Nearly 10 million new cases of tuberculosis are expected this year. The disease is more prevalent than ever, and the world's drug researchers don't seem to be making much headway.
Tuberculosis is a stubborn disease to treat. The current regimen for standard cases involves four different medicines taken over six months. More powerful medicines are needed for drug-resistant strains, and some varieties are hard to treat with any drugs.
Most recent tuberculosis drugs are variations on previous medicines. Anil Koul, a researcher with drug maker Johnson & Johnson, notes that the last TB drug with a completely new mechanism, rifampicin, was discovered almost a half-century ago. There are now just a handful of potential TB drugs in development, and some are variations of existing drugs, or scaffolds.
"With just nine drugs in the pipeline, with lots of resistance issues - some of these drugs being re-engineered scaffolds and with lots of post-approval failures in the drug industry, I think lots of work still needs to be done," he says.
Koul attributes the relatively small number of possible new tuberculosis drugs to complacency and a sense that progress was being made with existing drugs.
"The disease was in decline, people thought we eradicated it," Koul explained. "Then we stopped thinking about the disease and the innovation that was needed. This also had a knock-out effect on the funding, there was no funding available to really start any pharmaceutical projects, to really discuss innovative approaches for TB."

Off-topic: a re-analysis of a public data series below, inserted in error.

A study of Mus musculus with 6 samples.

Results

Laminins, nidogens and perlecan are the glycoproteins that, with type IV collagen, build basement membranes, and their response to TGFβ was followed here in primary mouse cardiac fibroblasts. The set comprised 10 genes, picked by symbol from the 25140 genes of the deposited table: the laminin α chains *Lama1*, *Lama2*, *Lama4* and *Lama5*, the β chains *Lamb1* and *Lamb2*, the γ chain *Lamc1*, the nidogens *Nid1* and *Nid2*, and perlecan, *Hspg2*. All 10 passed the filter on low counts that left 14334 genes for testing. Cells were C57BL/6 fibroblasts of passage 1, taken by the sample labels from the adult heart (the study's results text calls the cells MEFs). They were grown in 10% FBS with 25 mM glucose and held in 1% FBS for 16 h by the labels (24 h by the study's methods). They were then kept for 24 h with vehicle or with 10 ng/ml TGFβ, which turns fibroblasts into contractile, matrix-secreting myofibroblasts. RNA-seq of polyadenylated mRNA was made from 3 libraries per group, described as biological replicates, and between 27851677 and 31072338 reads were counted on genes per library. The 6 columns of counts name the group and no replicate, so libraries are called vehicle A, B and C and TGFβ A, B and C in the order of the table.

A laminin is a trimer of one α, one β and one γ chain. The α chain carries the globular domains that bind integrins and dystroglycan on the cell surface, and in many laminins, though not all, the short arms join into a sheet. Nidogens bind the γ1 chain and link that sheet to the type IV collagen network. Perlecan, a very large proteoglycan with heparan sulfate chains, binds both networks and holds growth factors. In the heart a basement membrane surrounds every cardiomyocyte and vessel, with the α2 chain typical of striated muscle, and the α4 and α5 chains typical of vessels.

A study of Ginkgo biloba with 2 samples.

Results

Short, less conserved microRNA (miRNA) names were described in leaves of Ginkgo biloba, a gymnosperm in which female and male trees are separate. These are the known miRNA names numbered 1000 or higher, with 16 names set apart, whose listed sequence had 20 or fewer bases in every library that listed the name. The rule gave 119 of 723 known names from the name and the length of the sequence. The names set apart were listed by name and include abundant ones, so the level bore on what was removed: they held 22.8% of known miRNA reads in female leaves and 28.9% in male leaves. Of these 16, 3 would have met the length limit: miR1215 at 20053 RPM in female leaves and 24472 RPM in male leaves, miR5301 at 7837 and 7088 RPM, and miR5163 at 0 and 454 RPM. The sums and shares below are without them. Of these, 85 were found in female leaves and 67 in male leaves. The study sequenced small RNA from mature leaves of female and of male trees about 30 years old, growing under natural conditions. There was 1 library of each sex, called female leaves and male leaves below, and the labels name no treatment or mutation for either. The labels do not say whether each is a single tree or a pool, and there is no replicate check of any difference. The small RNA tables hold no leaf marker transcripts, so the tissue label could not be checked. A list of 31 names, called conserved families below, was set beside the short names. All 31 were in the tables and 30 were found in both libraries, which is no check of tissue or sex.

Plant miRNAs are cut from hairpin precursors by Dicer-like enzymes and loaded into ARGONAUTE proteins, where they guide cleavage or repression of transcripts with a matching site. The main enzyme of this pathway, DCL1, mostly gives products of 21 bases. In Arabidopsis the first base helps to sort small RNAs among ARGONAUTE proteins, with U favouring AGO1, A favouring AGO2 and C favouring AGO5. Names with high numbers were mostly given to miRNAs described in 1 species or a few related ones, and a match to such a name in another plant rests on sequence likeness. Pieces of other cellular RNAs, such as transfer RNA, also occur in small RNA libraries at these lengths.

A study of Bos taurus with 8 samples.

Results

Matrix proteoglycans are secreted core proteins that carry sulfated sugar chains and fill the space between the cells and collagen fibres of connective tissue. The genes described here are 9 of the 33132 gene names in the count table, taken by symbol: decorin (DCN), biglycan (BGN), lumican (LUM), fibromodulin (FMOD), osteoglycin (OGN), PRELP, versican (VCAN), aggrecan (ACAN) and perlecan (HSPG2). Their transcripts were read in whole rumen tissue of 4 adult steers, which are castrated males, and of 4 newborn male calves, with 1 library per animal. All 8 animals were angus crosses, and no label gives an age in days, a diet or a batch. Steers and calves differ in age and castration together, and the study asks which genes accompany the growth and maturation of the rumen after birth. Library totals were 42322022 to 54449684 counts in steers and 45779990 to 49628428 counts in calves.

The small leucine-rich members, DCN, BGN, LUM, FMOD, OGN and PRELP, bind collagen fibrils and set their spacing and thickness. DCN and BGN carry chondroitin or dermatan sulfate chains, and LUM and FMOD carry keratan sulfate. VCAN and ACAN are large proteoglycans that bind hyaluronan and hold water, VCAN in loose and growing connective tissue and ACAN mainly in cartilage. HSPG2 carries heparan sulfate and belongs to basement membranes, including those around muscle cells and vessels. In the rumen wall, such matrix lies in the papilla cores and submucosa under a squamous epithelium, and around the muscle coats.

The United Nations has set eradication of tuberculosis by 2050 as one of its Millennium Development Goals. Koul says that would require speeding up drug development - moving from an underpowered economy sedan to a sports car is the analogy he used. But with most TB victims being among the world's poor and marginalized people, he said better drugs are only part of the answer.
"We need preventive measures. I think we also need proper access - how to bring these pharmaceuticals, which are currently in the pipeline, to these poor patients."
Those preventive measures, plus removing the social stigma of tuberculosis, says Koul.